Travelzoo (Nasdaq: TZOO ) wants to run with the lions again, though sometimes it sees a delicious gazelle in the mirror.
The travel deals publisher opened lower today after posting mixed quarterly results this morning. Revenue rose by a softer-than-expected 23% to $35.2 million, as weak growth through North America was lifted by strength in Europe.
Strength in Europe? You don't hear enough of that these days, but Travelzoo's overseas operations did grow three times as quickly as its 16% top-line spurt closer to home. Either way, the pros were modeling $38.7 million in revenue.
Things get markedly better on the bottom line, where net income soared 70%. Travelzoo's $0.40-a-share profit is well ahead of both the $0.35 a share that analysts were targeting and the $0.23 a share that it earned last year.
Travelzoo can't look back at last year's trip. The stock shed 40% of its value, partly on missing Wall Street's estimates in one quarter, but mostly on the collective hosing down of Groupon (Nasdaq: GRPN ) mania.
Travelzoo and dining reservations leader OpenTable (Nasdaq: OPEN ) soared in the latter half of 2010 after embracing Groupon's juicy "daily deals" model. The market cooled on the craze once they caught a glimpse of Groupon's red ink.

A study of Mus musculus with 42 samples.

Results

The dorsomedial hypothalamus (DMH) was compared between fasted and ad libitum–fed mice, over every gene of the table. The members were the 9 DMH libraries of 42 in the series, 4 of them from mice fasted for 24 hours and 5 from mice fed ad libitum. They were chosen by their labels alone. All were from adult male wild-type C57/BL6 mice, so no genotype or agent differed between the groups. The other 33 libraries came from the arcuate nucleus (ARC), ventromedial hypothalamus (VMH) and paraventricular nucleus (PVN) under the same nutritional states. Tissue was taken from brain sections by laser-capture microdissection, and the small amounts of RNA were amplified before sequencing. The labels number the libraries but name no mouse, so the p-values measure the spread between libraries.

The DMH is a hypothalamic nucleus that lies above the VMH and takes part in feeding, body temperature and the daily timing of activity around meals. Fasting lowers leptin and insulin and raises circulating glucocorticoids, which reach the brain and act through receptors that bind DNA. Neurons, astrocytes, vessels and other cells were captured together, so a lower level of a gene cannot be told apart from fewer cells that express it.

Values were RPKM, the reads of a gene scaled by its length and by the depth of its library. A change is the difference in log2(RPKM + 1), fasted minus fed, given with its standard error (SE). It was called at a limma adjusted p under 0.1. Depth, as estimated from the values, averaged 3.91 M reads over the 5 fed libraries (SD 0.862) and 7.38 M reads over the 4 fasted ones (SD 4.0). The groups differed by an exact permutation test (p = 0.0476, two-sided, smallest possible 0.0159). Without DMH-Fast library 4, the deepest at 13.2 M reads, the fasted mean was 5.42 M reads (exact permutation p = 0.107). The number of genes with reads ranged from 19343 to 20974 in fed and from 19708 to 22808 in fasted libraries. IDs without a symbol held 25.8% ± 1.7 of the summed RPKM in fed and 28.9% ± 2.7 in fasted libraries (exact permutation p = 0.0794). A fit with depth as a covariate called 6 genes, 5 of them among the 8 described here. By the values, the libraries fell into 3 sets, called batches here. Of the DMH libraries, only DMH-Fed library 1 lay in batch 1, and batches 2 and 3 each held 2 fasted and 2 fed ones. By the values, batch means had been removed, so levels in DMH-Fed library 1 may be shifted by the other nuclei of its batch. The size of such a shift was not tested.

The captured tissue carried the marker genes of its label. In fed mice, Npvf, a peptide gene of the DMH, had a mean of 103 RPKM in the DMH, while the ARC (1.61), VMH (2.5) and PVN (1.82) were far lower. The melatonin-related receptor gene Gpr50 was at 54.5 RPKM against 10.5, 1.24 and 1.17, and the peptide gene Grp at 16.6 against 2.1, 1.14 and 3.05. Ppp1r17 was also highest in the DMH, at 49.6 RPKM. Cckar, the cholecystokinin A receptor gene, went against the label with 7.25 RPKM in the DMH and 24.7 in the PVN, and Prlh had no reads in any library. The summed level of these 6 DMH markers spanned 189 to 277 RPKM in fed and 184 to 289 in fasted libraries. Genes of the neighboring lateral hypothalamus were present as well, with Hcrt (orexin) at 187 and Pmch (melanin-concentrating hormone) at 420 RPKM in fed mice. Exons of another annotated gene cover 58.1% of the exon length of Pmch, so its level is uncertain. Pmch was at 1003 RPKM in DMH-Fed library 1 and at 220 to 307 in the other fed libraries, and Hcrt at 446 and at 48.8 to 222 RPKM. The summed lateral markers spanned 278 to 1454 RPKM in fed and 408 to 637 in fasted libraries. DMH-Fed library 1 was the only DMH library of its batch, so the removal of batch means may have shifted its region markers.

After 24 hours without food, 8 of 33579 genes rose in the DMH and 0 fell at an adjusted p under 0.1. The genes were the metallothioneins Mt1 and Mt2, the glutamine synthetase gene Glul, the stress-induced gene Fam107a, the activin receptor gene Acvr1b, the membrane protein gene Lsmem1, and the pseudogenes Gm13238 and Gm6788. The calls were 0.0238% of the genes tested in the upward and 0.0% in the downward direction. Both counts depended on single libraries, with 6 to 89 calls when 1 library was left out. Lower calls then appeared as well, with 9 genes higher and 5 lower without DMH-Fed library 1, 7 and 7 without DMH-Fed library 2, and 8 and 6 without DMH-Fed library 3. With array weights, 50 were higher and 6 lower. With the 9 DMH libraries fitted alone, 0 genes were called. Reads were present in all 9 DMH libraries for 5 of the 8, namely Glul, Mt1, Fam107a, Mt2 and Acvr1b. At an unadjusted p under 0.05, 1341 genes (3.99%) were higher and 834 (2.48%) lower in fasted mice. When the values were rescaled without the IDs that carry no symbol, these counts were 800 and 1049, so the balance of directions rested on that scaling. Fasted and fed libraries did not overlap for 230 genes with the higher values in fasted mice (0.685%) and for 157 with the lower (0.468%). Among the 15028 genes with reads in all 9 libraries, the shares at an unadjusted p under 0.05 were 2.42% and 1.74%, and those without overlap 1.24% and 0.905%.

"We remain positive about our Local Deals business, in which we differentiate from others by focusing on higher quality deals, as well as our ability to run and grow this business profitably," CEO Chris Loughlin notes in this morning's report.
Yes, that's Travelzoo letting investors know that it's not like Groupon. That's the fashionable badge to wear these days for the handful of companies still accenting their operations by sprinkling in a flash sale here and there. OpenTable, Facebook, and Yelp are just some of the companies that hopped off the Groupon bandwagon late last year after realizing it wasn't as cost-effective and lucrative as the model appeared in theory.
Travelzoo still has a lot to prove. We can't mistake the disparity between the 23% pop on the top line and 70% surge on the bottom line as an inspiring feat of widening margins. In fact, operating profits only grew at a 22% clip as margins contracted domestically. The main reason the net income growth was so strong was a sharp reduction in the company's effective tax rate after a largely profitless experience overseas until the past few quarters. Earnings growth should increase closer to Travelzoo's top-line gains from here.
This doesn't mean that Travelzoo is toast. There are now 21.5 million willing recipients of its vetted yet sponsored travel bargain missives throughout Europe and North America. One can imagine that it's getting hit up by hungry cruise lines with ridiculous berth rates lately.
There's also something to be said about Travelzoo's net margins of 18%. Sure, the leading travel portals priceline.com (Nasdaq: PCLN ) and China's Ctrip.com (Nasdaq: CTRP ) are sporting chunkier net margins, but there's something to be said about Travelzoo's scalable publishing model that isn't at the mercy of airlines and hoteliers trying to shave the commissions being doled out to traditional booking outlets.
Travelzoo's moving in the right direction, and that's a start.